Former Democratic Unionist Party (DUP) leader Ian Paisley has died aged 88.
Some of the biggest names in British and Irish politics have paid tribute to a man once known as Dr No who eventually embraced the peace process and power-sharing with Sinn Fein.
Dr Paisley was a firebrand fundamentalist Protestant preacher and polarising figure whose vehement opposition to dealing with the IRA and extreme anti-Catholic rhetoric was legendary. The bellicose symbol of unionist defiance was famous for bellowing “never, never, never” during a mass protest against Irish government involvement in Northern Ireland affairs in the 1980s. He helped wreck earlier attempts at political accord, became the ultimate protest figure and promised to smash Sinn Fein.
But, in a potent symbol of the ground covered by political negotiations which largely ended violence, he entered government with republicans in 2007 as Stormont’s first minister after republicans lent their support to the police.
Eventually his partnership with former IRA commander Martin McGuinness at the head of government led to them being dubbed the Chuckle Brothers, and Mr McGuinness described him as a friend after his family announced his death today.
Dr Paisley’s wife Eileen Paisley said: “My beloved husband, Ian, entered his eternal rest this morning. “Although ours is the grand hope of reunion, naturally as a family we are heartbroken.”
British Prime Minister David Cameron said Dr Paisley was a controversial figure for large parts of his career.
“Yet the contribution he made in his later years to political stability in Northern Ireland was huge,” he added. “In particular, his decision to take his party into government with Sinn Fein in 2007 required great courage and leadership, for which everyone in these islands should be grateful.”
Dr Paisley was elected to Westminster in 1970 as the Protestant Unionist MP for North Antrim whose Free Presbyterian theology infused his politics and permeated his oratory. A year later he founded the DUP, which he led until 2008. In 1979 he was elected to the European Parliament where his views on the Catholic Church caused controversy – most notably when he denounced Pope John Paul II as the “anti-Christ” during a visit to the parliament in 1988.
He was denounced by his many political enemies – including the Ulster Unionist Party – as a stubborn trouble-maker, who would exploit any situation or development which he feared was leading to unification with the Republic of Ireland.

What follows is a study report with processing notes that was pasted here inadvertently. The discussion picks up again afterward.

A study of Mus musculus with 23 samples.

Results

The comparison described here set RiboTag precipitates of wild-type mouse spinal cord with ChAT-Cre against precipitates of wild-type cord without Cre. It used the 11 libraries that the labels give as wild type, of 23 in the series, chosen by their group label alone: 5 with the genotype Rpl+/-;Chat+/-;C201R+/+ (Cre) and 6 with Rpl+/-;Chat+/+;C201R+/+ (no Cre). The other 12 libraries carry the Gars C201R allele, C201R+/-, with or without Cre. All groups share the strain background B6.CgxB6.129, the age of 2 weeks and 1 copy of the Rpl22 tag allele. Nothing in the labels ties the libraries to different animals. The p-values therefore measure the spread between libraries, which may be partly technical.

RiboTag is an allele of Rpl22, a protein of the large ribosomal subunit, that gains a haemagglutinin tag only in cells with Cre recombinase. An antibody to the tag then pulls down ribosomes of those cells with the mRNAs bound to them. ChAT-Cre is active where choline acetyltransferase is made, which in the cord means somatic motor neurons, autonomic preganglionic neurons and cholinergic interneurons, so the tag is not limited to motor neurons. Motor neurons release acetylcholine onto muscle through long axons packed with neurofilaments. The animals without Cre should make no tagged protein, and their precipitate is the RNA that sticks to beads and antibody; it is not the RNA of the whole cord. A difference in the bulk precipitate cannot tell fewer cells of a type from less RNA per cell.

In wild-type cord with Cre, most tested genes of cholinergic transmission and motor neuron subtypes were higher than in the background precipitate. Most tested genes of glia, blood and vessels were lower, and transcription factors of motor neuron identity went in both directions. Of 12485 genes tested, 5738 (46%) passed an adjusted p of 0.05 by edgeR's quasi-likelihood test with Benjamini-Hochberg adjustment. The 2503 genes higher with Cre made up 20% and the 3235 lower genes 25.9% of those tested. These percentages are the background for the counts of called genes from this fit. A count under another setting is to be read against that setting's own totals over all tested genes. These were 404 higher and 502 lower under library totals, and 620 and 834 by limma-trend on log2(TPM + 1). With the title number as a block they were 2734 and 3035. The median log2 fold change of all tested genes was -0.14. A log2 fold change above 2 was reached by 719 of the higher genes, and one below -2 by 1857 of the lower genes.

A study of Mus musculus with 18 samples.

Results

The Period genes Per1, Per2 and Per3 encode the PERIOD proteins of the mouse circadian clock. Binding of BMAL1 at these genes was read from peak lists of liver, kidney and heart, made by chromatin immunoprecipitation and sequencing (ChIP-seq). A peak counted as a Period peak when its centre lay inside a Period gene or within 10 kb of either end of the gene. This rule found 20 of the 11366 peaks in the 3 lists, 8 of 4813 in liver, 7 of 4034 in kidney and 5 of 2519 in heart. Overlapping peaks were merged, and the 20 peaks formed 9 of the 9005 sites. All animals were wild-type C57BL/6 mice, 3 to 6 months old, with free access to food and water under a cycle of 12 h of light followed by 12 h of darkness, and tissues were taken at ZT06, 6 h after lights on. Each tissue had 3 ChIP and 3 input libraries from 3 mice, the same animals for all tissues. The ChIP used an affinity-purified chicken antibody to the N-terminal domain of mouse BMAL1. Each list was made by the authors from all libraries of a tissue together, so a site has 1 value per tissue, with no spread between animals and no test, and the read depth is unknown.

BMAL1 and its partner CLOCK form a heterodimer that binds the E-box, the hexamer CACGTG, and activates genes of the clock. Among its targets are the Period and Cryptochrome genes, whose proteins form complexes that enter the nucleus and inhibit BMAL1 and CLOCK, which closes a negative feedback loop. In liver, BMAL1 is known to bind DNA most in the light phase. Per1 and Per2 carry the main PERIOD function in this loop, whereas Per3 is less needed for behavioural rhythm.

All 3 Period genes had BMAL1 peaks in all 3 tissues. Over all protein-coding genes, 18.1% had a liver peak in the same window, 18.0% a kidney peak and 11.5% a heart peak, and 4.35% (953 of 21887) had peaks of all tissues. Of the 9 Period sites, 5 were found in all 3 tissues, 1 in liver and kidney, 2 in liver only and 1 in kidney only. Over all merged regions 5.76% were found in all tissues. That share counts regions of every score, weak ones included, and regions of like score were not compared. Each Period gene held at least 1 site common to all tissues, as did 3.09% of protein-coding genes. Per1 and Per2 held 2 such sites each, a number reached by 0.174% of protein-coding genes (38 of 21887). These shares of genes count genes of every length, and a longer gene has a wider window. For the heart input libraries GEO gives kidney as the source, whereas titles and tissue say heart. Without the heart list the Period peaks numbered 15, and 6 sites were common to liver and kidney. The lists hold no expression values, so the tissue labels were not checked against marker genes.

But Dr Paisley argued that he was merely defending the right of the majority of people in Northern Ireland to remain within the United Kingdom.
Mr Paisley, whose constant watchword was once “no surrender”, opposed virtually every move introduced by the British Government in London to try to bring peace to Northern Ireland during decades of conflict.
Whether it was a peace process, a new form of devolved government or the machinations of the Ulster Unionists, Dr Paisley would be a voice of protest. His speeches were condemned by his opponents as inflammatory, bigoted and rabble-rousing. He played a key role in orchestrating the Ulster Workers’ Council Strike which brought Northern Ireland to a standstill in 1974. He was vehemently opposed to the 1985 Anglo-Irish Agreement and accused the British prime minister Margaret Thatcher of a betrayal of unionists after she signed the deal which gave the Irish government an advisory role in Northern Ireland.
Even though he was also opposed to the 1998 Good Friday peace accord which eventually ended the Troubles, Dr Paisley ended up sharing power with Sinn Fein when he and his bitter rival Mr McGuinness became first and deputy first ministers in 2007 after republicans accepted the new Police Service of Northern Ireland (PSNI).
He once said of demands to talk to Sinn Fein: “I am not going to sit down with bloodthirsty monsters who have been killing and terrifying my people.”
But in 2007 he took his Stormont pledge of office with the words: “I believe that Northern Ireland has come to a time of peace, a time when hate will no longer rule.”
Dr Paisley and Mr McGuinness were to strike up a remarkable bonhomie which led to Mr McGuinness describing him as a friend. In 2008 he stepped down as leader of the DUP and as first minister. He retired from the European Parliament in 2009, Parliament in 2010, and the Northern Ireland Assembly in 2011.
Ian Paisley Jr ran successfully to fill his father’s parliamentary seat in 2010. The Government that year elevated the elder Dr Paisley to the House of Lords, alongside his wife Eileen. The former leader’s Free Presbyterian Church, the Martyrs’ Memorial in Belfast, devoted a special service to his retirement as a full-time preacher in January 2012.
Dr Paisley was treated in hospital in the past, notably in 2012 for an unspecified heart problem. Baroness Paisley has said his funeral will be private but a public memorial event will be held later this year.
Mr McGuinness told Channel 4 News: “I think that many people within Irish republicanism thought that Ian Paisley alive was a much better recruiting sergeant, if you like, for the IRA at that time.
“I think that our impression of Ian Paisley was always one of someone who was very dogmatic, very divisive, very controversial, but at the same time I think historians will not dwell on that aspect of his life.”
He told the BBC his only regret was that Dr Paisley was not 20 or 30 years younger when he went into government with him.